HouseTalk Miscommunicating with your Thai housekeeper

Miscommunicating with your Thai housekeeper…

Have you been to your High Commission or Embassy lately? I have. I won’t say it was a treat, but it was certainly an eyebrow raiser.

Did you happen to notice their counter windows? You know, the ones similar to those found in banks? The windows work the same but in lieu of money being the main aim, paperwork is slid through the narrow slots instead.

During my latest visit I started wondering why we lean down to talk through that small hole. I mean, there’s a mic, right? And a mic is totally capable of carrying our voice to other side of the glass. Right?

So, why?

Anyway, there I sat, watching and waiting for my number to come up. People would walk up to those windows, put their elbows on the counter, and then lean down to talk through the space at the bottom of the window.

Curious.

An hour into my morning two men walked up to take their turns. Both were grown men, not lads, not boys. The tall, largish (but not lardish) male slipped his paperwork through the slot and then leaned down to answer a question.

Just like those who went before, each time the gal behind the counter spoke, he leaned.

She spoke, he leaned. Trying to stifle a laugh, I buried my head in my book.

She spoke a lot. And in tandem, he leaned a lot as well.

Whooh. I’m sitting in the front with a great view and it was much too much of a visual for me.

You see, just like his buddy he’s dressed in a bright yellow shirt (not tucked in), with tan Bermuda shorts beneath.

The difference is, his baggy shorts are split from cheek to cheek. Horizontally. The full width of his cheeks. Bare cheeks at that. And at my eye level.

From the growing noise in the room, his cheeks are within eyeshot of others in the room as well.

So she speaks. He leans. We all get a broad peek.

The tittering throughout the room was not too loud. No. It’s just too familiar. Too close to home.

As expats we’ve all been there, done that. And didn’t enjoy the party. But I doubt that any one of us held such a captive, attentive audience as this. And for so long.

Learn how to communicate in Thai, or…

Expats living in countries like Thailand, where help is cheap, often experience the snafus that come with having maids/housekeepers/cleaners in their homes. Along with a lack of training on both sides (employer and employee), the failure to communicate is often the cause. Because without proper instructions clothes can be washed, dried, ironed, and put away without comment.

When this happens it doesn’t seem to matter if a button is missing, or if the whites were washed with the reds, or if there’s a tear in a shirt (or in his case, a pair of Bermudas), clean clothes are neatly put away on hangers and in drawers. Finish.

Finish for the house help anyway. It starts for you when you look down to find that a healthy expanse of plump cleavage is laid bare or a rip is flapping along one side of your torso. Or worse.

And if asked for a show of hands, I’m sure that at least twenty percent the expat males I know would admit to wearing pink or lime green underwear in the past year.

So yes, we all sympathized with his predicament. Running late he grabbed from his top drawer and out the door he went. To us. What a treat.

Welcome the Thai HouseTalk series…

I started working on the HouseTalk series way back before my post, the Habits of Highly Effective Expats. As I’ve had a heap of time to think about the series, most subjects will be covered but please go ahead and make suggestions.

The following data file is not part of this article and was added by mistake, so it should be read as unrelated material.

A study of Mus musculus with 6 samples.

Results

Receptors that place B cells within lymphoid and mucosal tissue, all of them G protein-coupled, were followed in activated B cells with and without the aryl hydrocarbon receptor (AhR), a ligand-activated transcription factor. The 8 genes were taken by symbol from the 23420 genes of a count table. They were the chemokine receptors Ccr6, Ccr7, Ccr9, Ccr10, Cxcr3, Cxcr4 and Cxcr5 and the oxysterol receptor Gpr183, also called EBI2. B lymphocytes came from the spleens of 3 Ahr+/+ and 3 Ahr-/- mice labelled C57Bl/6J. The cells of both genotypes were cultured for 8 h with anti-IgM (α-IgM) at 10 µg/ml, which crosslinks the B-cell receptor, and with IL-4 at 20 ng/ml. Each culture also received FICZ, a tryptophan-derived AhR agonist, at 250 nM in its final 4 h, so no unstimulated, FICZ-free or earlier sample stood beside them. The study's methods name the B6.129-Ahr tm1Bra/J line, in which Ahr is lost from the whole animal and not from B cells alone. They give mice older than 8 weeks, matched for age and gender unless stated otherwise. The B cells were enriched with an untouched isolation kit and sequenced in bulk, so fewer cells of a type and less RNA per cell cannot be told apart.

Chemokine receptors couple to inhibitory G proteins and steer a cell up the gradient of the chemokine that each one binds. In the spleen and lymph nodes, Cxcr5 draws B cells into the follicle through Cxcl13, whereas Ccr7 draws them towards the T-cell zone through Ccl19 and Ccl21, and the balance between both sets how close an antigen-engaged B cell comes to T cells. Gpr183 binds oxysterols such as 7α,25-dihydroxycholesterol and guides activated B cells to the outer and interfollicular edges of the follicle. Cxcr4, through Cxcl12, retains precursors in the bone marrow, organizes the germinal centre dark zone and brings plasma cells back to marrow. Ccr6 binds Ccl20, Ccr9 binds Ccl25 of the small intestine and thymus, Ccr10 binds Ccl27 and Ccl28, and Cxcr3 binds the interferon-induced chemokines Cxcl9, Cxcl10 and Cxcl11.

If you’ve ever come unstuck when communicating with the Thai help in your life, then the HouseTalk series should make it easier to get instructions across. And the way it’s written, even if you don’t know how to speak Thai, you will be able to communicate by using the downloads (sound files, instructions in both English and Thai script, stickers, and a cleaning calendar).

Connecting posts:

Yes, there will be more… how to hire a Thai maid, how to set house rules, how to gently fire a Thai maid without having to move. Such as that.

So what happened in the end?…

Well, before my number came up, back they both came. Opting to stand instead of sit, they leaned against the wall at the front of the room. And out of the corners of our eyes, the rest of us watched while we waited as well.

So we all waited together. Some in transfixed anticipation.


3 Comments

  1. Catherine an excellent and very funny story, I take it the gentleman was applying for a ‘Oh’ Visa. We all have embarrassing moments but can only hope the viewing head count isn’t too high.

  2. Cat. you paint a wonderful picture with the expat peep show story :)

    my maids are unpaid servants so I can’t complain when they don’t understand what I say…as a matter of fact I say as little as possible to not confuse the situation and or lose a much needed commodity.

    My laundry people on the other hand have taken a while to come around…while they always do an impeccable job it took forever to get the pick up day and times right…but even with the confusion I still have properly cleaned shorts with no holes so when I go to immigration I don’t put on a show :P

  3. Martyn, I’m not sure what he was applying for (too occupied with watching what he was up to ;-)

    Thanks Talen! This scenario plays out often (I have more stories, yes I do). I watch what I say for the same reasons – I don’t want to upset anyone. Also, I know that their focus is on doing a good job so it’s up to me to communicate the best I can.

    No holes? Then you must be doing something right. Me, on the other hand… well let’s say that I have more stories to tell.